Let's get one thing straight: it is hot in Japan in the summer. Like fires of Hell hot. For example, my thermometer currently reads 29.6 degrees (that is Celsius, of course; approximately 85 on the Fahrenheit scale), 74% relative humidity. Of course, by Williamsburg, Virginia standards, this would be a cool summer day. Too bad I was in Columbus, Ohio long enough to grow acclimated to the slightly more reasonable summer weather!
We do have an air-conditioning unit (ku-ra- in Japanese), but it is only for emergencies, like when heat stroke claims one of the two of us. Said air conditioner, like all Japanese models, has a remote control.
I mentioned in a previous entry that central air is not something that the Japanese seem to be in any hurry to implement. I think this is because the Japanese enjoy being miserable. Anyone familiar with Japanese literature or film has probably already come to this conclusion. Fortunately, one area where central air is in heavy use is in department stores. In fact, department stores really crank the air conditioning, to the point where a 10 square-metre area of sidewalk in front of the main doors is approximately 10 degrees cooler than the surrounding air. This is A Good Thing!
"So," you may be wondering, "other than the lack of climate control in Japanese homes, what other things strike you as different about Japan?" If you are not, in fact, wondering this, now would be a good time to stop reading.
In Japan, cars drive on the left (i.e., wrong) side of the road. Other than the obvious risk to life and limb imposed when the unsuspecting American or continental European looks to the left first when crossing the street, this seemingly innocuous fact has deep cultural impact. People tend to walk on the left side of sidewalks. The escalator going in the direction you want is almost always on the left. Same deal with stairs. This basically means that Lyani and I spent our first week or so here running into people, before we were able to reprogram the part of our brains that controls walking.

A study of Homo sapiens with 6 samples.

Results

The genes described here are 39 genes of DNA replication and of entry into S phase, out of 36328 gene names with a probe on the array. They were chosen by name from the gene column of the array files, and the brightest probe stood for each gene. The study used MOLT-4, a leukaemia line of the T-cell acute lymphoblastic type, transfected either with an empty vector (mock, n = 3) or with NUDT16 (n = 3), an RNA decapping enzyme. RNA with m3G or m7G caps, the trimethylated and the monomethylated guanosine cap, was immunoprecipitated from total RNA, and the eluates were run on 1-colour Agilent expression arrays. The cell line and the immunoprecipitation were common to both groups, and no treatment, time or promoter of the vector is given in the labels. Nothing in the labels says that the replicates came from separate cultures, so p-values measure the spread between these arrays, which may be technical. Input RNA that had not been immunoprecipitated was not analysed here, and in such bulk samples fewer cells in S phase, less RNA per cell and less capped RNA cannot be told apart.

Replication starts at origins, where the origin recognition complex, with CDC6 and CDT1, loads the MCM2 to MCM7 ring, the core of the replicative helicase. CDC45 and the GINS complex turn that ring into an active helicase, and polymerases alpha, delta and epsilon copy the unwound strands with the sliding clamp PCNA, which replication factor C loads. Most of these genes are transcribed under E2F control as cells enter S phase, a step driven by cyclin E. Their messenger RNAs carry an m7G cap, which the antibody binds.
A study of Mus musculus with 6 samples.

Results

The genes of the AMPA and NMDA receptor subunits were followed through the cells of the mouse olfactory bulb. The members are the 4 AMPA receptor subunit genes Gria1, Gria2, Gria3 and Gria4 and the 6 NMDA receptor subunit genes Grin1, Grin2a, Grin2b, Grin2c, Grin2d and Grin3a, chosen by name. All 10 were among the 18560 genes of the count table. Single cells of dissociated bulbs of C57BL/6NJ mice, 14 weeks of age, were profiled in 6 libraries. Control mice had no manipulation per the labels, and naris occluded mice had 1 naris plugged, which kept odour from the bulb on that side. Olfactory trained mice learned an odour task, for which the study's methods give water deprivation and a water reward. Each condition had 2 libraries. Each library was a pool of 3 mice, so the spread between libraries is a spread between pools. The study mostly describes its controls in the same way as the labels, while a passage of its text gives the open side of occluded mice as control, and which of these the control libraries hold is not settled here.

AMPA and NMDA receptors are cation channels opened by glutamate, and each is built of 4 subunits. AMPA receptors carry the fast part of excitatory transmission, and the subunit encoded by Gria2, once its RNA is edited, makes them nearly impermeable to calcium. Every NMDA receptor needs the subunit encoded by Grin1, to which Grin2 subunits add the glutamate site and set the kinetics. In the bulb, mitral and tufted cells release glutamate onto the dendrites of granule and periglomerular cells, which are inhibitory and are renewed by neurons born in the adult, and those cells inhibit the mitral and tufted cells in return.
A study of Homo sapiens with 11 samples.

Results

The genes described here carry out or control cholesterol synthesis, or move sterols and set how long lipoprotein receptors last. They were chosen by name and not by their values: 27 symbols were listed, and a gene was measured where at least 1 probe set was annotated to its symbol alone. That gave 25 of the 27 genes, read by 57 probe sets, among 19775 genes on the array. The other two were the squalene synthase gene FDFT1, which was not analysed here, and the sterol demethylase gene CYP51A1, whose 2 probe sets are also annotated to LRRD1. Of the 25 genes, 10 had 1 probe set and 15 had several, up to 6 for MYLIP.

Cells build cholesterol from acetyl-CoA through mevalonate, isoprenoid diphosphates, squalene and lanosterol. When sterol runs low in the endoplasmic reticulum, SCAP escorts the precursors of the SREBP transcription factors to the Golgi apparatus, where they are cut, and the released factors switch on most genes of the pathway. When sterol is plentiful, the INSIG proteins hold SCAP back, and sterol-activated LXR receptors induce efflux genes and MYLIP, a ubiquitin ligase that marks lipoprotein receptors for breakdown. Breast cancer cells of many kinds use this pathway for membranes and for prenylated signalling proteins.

A lot of people probably know this, but Japan is a very service-oriented country. This means that when you walk into any store, you will immediately be treated to a hearty chorus of "irashaimase!" (welcome). Contrast this to American stores, where you are lucky if a clerk so much as looks in your direction (and does not heave a world-weary sigh at your "imposition"). This also means that clerks in say, department stores, never come up and ask you if "you need help finding anything" (translation: "are you going to buy something, or what?"). But if you should actually need help, a clerk materialises with uncanny speed (I am fairly sure they drop, ninja-style, from the ceiling).
Furthermore, you can ask store personnel any question that you would like answered, whether it relates to their enterprise or not, and they will discover the answer. For example: Lyani had purchased an international phone card, but could not figure out what string of digits she had to dial to instruct the phone that she was trying to make an international call (no, this was not printed on or near the public phone). So we pop into a random Circle K (one of the big convenience store chains in Japan; the others are Family Mart, Lawson Station, Sankus, and (of course) 7-11) and ask the cashier how to dial out. She has no clue, but summons the other employee to the counter. This employee has the answer, which she gives to us, and then both clerks thank us for stopping by to ask them a question. Note that we did not spend any money in this store at all.
An even better example: I was walking to Yokohama Station the other day. I had a vague idea of how to get there, and when I thought I was in the neighbourhood, I stopped by a Family Mart to make sure I was on the right track. I told the clerk at the counter where I was trying to go, at which point he actually dashed out from behind the counter and out the front door of the convenience store, to better illustrate the route. He stood outside the store for about a minute, explaining the directions to me in typical Japanese detail (the way to reach the station from where I was was basically to go straight for a kilometre; but he gave me no less than five landmarks that I would encounter along the way). At the end of this exchange, I thanked him, to which he replied, "sumimasen"--literally, "I am sorry"--presumably for not walking me to the station personally.